It’s human nature to continue doing what’s working well…until it no longer works. That’s one of the great takeaways from the COVID-19 pandemic that came through at the 2021 NWFA Wood Flooring Expo in Orlando. It had been 18 months since our industry was last together in person, and meeting plans continually changed throughout that time. Canceling Expo in Milwaukee in 2020, canceling (again) in Baltimore in April 2021, and planning to accommodate for social distancing in Orlando in July, you could say we planned this meeting at least 20 times in 18 months!
One important change the NWFA implemented during the pandemic was to co-locate with the Coverings show in Orlando. The two shows came together to increase hard surface exposure to attendees who typically might not attend both events, and we learned a lot from each other in the process. We learned how you are doing things differently after the last year, and shared stories on how those changes impacted business, some short-term, others more long-term.
Labor and material shortages continue to be a concern for many. In addition to the labor gap we’ve faced for years now, the pandemic has caused additional impact. NWFA has joined with the Floor Covering Education Foundation to develop strategies to attract and educate new workers as we move forward.
Our keynote speaker, Chuck Fowke, chairman of the National Association of Home Builders (NAHB), talked to us about the challenges homebuilding is facing in all facets of material costs, raising prices per home as much as $40,000. However, Fowke noted that stability is expected as more people return to work and take vacations. In essence, now that people are out of their houses, they will lessen the amount they are spending on their homes in exchange for travel and entertainment.
Judd Johnson of Hardwood Market Report spent time with NWFA’s Board of Directors discussing his outlook on the future of the hardwood market. According to Johnson, many of the problems that led to the increase began long before the pandemic. Post-Great Recession, homebuilding, the largest market for lumber, ground to a halt. As a result, U.S. lumber demand plummeted by 50 percent, and many large sawmills went out of business. At the same time, fires and pest infestation in Canada contributed to a further decrease in the lumber supply.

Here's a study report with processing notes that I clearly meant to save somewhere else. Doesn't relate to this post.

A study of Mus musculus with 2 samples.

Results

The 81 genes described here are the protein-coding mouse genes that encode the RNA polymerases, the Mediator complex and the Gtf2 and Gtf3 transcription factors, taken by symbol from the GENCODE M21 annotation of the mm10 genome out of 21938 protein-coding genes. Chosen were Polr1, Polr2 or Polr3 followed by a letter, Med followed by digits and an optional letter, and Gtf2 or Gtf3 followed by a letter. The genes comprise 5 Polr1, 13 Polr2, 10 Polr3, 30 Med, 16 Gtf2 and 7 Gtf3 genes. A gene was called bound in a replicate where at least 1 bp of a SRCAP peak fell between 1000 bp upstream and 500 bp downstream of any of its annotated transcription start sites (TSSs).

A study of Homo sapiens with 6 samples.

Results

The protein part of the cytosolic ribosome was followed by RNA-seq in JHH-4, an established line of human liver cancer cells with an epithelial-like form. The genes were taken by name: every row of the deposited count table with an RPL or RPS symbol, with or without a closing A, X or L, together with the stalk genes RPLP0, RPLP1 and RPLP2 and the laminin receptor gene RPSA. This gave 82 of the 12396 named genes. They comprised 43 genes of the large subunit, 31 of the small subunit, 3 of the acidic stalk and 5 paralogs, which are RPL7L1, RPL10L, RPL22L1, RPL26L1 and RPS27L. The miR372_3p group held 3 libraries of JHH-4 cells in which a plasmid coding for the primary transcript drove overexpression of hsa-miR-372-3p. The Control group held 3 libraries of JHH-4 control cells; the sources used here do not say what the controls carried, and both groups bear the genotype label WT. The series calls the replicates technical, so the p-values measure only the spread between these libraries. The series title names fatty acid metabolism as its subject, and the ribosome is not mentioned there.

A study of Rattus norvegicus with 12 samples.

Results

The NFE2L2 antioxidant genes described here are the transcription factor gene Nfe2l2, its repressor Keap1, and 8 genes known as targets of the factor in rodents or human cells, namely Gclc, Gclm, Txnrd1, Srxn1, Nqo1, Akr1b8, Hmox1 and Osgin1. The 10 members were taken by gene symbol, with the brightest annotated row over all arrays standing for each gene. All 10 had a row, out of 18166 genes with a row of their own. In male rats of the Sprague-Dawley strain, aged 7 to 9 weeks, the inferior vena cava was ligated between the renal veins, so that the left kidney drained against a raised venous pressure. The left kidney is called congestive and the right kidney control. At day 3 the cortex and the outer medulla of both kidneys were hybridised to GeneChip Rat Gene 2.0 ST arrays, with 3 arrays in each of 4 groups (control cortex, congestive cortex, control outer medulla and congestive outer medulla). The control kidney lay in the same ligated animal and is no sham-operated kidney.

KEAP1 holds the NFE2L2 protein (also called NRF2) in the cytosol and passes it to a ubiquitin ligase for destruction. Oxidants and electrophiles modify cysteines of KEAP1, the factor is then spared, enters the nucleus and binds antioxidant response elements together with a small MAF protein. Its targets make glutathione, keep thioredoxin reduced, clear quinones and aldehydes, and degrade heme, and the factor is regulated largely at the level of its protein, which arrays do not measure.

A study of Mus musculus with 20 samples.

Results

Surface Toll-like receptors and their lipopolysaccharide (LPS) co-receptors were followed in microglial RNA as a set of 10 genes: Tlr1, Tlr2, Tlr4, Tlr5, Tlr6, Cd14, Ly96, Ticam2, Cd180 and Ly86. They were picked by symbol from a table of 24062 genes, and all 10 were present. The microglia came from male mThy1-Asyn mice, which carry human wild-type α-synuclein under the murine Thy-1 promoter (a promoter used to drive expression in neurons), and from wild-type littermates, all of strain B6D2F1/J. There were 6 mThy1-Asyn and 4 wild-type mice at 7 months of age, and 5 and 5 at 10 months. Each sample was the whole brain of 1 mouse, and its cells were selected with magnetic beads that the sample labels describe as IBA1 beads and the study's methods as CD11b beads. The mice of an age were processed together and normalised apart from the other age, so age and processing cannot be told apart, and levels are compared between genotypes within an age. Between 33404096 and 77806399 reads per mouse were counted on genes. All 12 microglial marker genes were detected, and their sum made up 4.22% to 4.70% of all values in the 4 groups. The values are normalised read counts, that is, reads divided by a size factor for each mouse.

When the pandemic arrived, investors took short positions on wood futures, betting that prices would decline. In anticipation of shrinking demand, sawmill operators cut back output capacity by 40 percent. But as we know now, demand for lumber didn’t go down. Pandemic-fueled shopping booms emerged. Consumers began focusing on home improvement and curtailed spending on services, travel, dining, and entertainment. Low interest rates, stimulus cash, and more time spent at home led to a boom in home remodels and new construction, increasing demand.
Today, sawmills can’t keep up. They can’t build more mills, expand existing mills, or hire fast enough due to the labor shortage. In fact, there’s a wave of consolidation to increase the capacity immediately for the acquiring companies. So, once things settle down, there will actually be fewer mills, not more.
Another challenge, wood lookalike products, continues to be combated with the NWFA’s “Real Wood. Real Life.” consumer campaign and a new partnership with the Real American Hardwood Coalition (a group of more than 20 hardwood associations that has come together to focus on educating consumers about real wood products). Watch for an exciting project from the Real American Hardwood campaign, My Hardwood Home, to launch in 2022 to get on the front-end of material selection for consumers – showing them where to buy hardwood for all the right places in the home.
Overall, while some uncertainties remain, business mostly has been thriving throughout the entire flooring industry. Our annual Industry Outlook Survey revealed that a majority of NWFA members named 2020 as their best year ever, despite volatility during the beginning of the pandemic. Proof that our industry continues to adapt to whatever comes our way. Look for more industry insights to come in our October/November issue of Hardwood Floors.